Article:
The Forest is Alive - Your Landscape is Dead

New research has uncovered that trees in a forest can communicate using soil microbes.

Add Nature to Your Nest Landscape

Root Inoculates are the most important item NOT being added at the time of planting.

Here's What's Happening

1Bacteria and fungi are getting signals from the plant.
The plant is requesting help from the microbes in the form if simple sugars.
2Plants roots leave plant cells and carbohydrates behind.
Parts of the root have evolved to be rubbed off to protect the actual root from being damaged by shard or course soil particles. Like a protective cap.
3They help relay messages
As the microbes eat these foods they can relay chemical communications between communities or individual plants. Fungi can connect an entire forest in a communication network using hyphae.

Phone Home!

Solution? DIEHARD BioRushR

The new research that’s coming out about “plant and mycorrhizae fungi relationships” is the stuff of science fiction.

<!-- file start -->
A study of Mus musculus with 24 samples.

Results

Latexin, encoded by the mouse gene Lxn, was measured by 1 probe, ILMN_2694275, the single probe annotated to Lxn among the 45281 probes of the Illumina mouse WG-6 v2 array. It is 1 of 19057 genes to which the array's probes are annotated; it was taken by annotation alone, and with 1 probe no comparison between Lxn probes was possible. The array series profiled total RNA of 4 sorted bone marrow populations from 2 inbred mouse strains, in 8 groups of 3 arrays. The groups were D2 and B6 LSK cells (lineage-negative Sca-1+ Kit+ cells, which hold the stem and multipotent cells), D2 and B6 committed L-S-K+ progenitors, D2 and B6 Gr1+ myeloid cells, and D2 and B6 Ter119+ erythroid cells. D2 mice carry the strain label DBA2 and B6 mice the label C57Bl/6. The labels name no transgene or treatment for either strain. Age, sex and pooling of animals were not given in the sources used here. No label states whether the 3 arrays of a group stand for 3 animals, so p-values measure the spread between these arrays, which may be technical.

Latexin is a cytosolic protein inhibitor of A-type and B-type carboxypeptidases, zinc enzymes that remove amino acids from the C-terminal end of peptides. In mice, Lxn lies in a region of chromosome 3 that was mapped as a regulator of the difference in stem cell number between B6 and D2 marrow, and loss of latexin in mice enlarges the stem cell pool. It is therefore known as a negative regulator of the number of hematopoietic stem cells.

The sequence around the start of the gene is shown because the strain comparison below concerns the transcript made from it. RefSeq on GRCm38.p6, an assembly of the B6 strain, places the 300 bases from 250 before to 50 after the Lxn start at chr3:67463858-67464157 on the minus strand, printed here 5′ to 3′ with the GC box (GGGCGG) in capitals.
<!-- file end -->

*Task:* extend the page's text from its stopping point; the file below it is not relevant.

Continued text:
Then you realize that this is real and happening right under your feet. Even early humans could see that anywhere they observed mushrooms rising out of the grass, the grass was darker green and more lush. Push ahead a few thousand years and now we are starting to understand how deep these relationships go.

Suzanne Simard is a professor of Forest Ecology at the University of British Columbia’s, Department of Forest and Conservation Sciences in Vancouver, where she studies the surprising and delicate complexity of nature. She gives a fascinating talk (How Trees Talk to Each Other), about how plants use theses connections made by Mycorrhizae fungi  — between trees in the forest.

She shows that different tree species share food between each other depending on the time of year when needed, as well as, when disease or predators approach. You can take that power into your next landscape project or cannabis farm. Use the full spectrum species list and microbial food sources that comes in each bag of DIEHARD™ products.

The new research that’s coming out about “plant and mycorrhizae fungi relationships” is the stuff of science fiction.